Tens of thousands of raucous revelers lined a sunny Fifth Avenue Tuesday to watch as bagpipers, drummers, and men and women of Irish descent proudly marched in the annual St. Patrick's Day Parade.
Soldiers from the New York National Guard's Fighting 69th led marchers up the 2-mile route, which stretched from 44th to 86th streets. The parade lasted more than six hours, and temperatures stayed in the 50s for much of the day.
"The weather is beautiful, and we couldn't have hoped for a better March 17, since the weather's usually uncertain this time of year," said a parade organizer, Michael Keating, 69, who first marched 55 years ago.
Even Mayor Michael Bloomberg was Irish, attending Mass at St. Patrick's Cathedral, hosting a breakfast and marching in the parade.
Not far behind the mayor was the Selden pipe and drum band Siol na h'Eireann, "seed of Ireland."
"Everything about piping boils down to this parade," said pipe major Vincent Robinson. "The feeling you get when you turn onto Fifth Avenue - oh, there's nothing like it. You feel like you're walking on pillows of air."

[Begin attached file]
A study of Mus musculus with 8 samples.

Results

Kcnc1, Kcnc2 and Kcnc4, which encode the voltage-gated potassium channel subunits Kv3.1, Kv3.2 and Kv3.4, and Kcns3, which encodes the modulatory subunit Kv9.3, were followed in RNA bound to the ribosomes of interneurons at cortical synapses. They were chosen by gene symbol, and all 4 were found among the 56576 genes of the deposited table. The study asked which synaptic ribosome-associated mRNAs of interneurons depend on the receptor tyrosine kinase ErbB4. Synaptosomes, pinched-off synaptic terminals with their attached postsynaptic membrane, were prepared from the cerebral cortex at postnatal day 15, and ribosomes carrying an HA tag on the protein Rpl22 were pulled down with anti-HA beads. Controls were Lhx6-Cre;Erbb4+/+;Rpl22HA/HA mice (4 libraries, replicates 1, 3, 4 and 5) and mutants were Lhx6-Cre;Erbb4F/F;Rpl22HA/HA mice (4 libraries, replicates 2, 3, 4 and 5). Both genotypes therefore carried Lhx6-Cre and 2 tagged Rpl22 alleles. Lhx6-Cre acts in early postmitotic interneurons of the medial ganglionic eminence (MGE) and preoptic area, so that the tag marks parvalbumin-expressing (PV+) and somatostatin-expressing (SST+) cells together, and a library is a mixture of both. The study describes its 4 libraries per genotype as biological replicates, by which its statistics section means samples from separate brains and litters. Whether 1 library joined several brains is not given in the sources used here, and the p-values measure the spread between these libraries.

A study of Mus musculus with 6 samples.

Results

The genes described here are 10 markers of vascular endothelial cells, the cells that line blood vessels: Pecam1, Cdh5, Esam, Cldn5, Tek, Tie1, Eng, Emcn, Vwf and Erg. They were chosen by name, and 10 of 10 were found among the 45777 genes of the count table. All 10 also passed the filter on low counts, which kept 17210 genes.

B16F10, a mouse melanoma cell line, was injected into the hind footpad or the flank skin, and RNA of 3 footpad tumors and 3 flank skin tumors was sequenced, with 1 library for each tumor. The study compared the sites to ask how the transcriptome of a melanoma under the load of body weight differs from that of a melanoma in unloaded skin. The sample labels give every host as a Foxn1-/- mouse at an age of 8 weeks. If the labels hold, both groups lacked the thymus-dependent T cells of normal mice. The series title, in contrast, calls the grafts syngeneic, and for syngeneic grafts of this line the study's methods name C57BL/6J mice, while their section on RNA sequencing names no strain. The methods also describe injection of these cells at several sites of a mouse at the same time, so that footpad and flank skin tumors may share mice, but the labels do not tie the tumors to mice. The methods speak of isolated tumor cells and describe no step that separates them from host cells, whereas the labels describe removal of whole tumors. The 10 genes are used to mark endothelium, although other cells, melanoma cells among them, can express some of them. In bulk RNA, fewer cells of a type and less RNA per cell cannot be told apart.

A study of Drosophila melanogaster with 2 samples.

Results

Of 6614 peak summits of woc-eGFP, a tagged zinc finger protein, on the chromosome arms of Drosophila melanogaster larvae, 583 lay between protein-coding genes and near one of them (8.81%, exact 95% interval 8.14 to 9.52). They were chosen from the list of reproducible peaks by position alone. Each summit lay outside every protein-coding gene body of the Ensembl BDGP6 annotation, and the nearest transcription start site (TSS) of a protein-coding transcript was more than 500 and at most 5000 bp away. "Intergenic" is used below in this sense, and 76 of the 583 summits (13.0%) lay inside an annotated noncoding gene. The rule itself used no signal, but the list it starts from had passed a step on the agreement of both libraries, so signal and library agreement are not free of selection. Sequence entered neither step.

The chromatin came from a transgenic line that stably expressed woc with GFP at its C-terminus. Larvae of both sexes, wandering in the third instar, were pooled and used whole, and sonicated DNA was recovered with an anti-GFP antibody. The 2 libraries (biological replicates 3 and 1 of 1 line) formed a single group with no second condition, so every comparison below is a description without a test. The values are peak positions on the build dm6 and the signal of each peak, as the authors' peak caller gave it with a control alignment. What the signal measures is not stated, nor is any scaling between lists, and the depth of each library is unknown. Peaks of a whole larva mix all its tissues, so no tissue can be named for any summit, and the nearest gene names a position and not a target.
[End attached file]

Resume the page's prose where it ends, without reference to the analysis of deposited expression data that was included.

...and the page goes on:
A sad note rang through the festivities when a member of a New Jersey police band suffered a fatal heart attack, The Associated Press reported. Steve Dunne, 59, a tenor drummer in the Police Pipes and Drums of Bergen County, collapsed near 75th Street and was pronounced dead at a hospital about 12:30 p.m.
Kings Park resident Ann Goughan, 56, originally from Skerries, north of Dublin, was thinking of family members back home.
"The economy in Ireland is falling like a house of cards," she said. "Ireland has been booming for the last 10 years, but not anymore. I think (my relatives) are feeling it now, or they're going to feel it."
London residents Michael Hurley, 57, originally from Cork City, Ireland, and his fiancee, Kathleen Boyle, 54, originally from Donegal, wore green-sequined hats, and orange, white and green scarves.
"We got here Monday, and people are so friendly," Hurley said. "We were recommended to come to the parade, and it's so good."